On Thursday, the Israeli Defense Forces (IDF) tweeted in remembrance of the (1973) Yom Kippur War, making reference to an Israeli air strike on Syria. Upon hearing this news, traders reacted and raced to buy more oil, the consequence of which was that the price of oil increased by $1 by barrel. This was despite the fact that the tweet mentioned “soviet weapons” and included the hashtag “#YomKippur73”…
Firstly, this shows how twitter content can be incredibly influential on our markets and economy. Secondly, it demonstrates that we no longer read the news. We scan it.
There is a proliferation of communication channels that we synthesize in order to form our opinions; a proliferation that has both positive and negative implications. On the positive side, it means we now have a broader view of what is going on around us on a minute by minute basis. However taking the cynical stand-point, this story also demonstrates the potential danger of these communication channels: in order to make our way through all of this information, we scan our news feeds and websites as opposed to reading them. Our brains tend to pick up on key words that trigger alarm bells, thus forcing us to act first and think second. So the traders on Thursday read the words Israel/ Syria/ Air strike, and reacted. Instantly.
There are two take home messages here: Firstly, whilst the content of our tweets is undoubtedly crucial, our choice of words and the structure is also important. Is there any way they may be misinterpreted if scanned at speed?
Secondly, and more importantly, we must remember who our twitter audience is and how important it is to communicate news via the platform. Twitter is no longer just the playground of the ex-facebook crowd; traders, analysts and other key influencers are also signing up and logging in.
We've all been mulling over how twitter may change post-IPO. The general consensus is that twitter will have less clutter and spam accounts after the float. Perhaps Thursday’s traders may give twitter a swerve for a week or two, but there is no doubt that the rest of the rest of us will carry on logging in…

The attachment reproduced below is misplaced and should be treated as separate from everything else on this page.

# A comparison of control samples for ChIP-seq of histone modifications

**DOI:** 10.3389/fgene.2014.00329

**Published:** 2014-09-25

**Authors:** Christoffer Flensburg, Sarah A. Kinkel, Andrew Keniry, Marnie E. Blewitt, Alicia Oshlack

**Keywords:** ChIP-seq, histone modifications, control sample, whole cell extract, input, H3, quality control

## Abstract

This week Abchaps hosted a high-brow China market lunch, as well as attending the Temporis Capital Drinks reception, and a fascinating debate about Impact Investment at the Social Stock Exchange.
One of the highlights of the Alternative Investment Market’s calendar is the AIM-awards dinner that took place on Thursday. As well as being a guest of Meridian Equity Partners, we hosted a great table with guests from Cenkos, Sanlam, Naibu, CroweClarkWhitehill, Bird & Bird, SpAngel and Versarien. Congratulations to Allenby Capital who won Best Research Award.
This event certainly put us in a winning mood, which is appropriate considering that on Tuesday Abchurch was shorlisted for PR firm of the Year at the Quoted Company Awards. We are very much looking forward to the awards ceremony on the 29th January 2014.
This week has seen a shake up to the big accounting and advisory practices: Grant Thornton appointed Usman Malik as director of mergers and acquisitions, Smith & Williamson appointmented John Rugman, previously of PwC, as head of valuations and finally Baker Tilly welcomed a selection of new partners to its London office - Andrew Conti, Chris Knowles, David Moran, Steve Jacob, and Mark Nisbett, congratulations!
Also on the move, Luke Whitmore of Baker & McKenzie has migrated to law firm Field Fisher Waterhouse where he is to be partner in its derivatives and structured finance division.
"Financial Shenanigans" - Acts or actions that mask or misrepresent the true financial performance of a company or entity.
Fresh from it's sold out run at Edinburgh Fringe, the hilarious Gothic comedy The Curse of Elizabeth Faulkner written by Tim Downie is on Every Thursday, Friday and Saturday from now until the end of November at the Charing Cross Theatre.
This weekend mark’s the end of London Cocktail Week, so no better excuse for a tantalising tipple! Head out to celebrate our capital's unrivalled cocktail culture at one of the many pop-up bars, tastings, parties, master-classes or even go with one of London’s 150 pre-established cocktail venues.
For some artistic culture, opening today is the exhibition “When Britain Went Pop - British Pop Art: The Early Years” at Christie’s new Mayfair gallery - displaying 140 rare pieces of work from the likes of Eduardo Paolozzi, Gerald Laing, Allen Jones and his First Step and Swingeing London to Richard Hamilton’s famous depiction of Mick Jagger.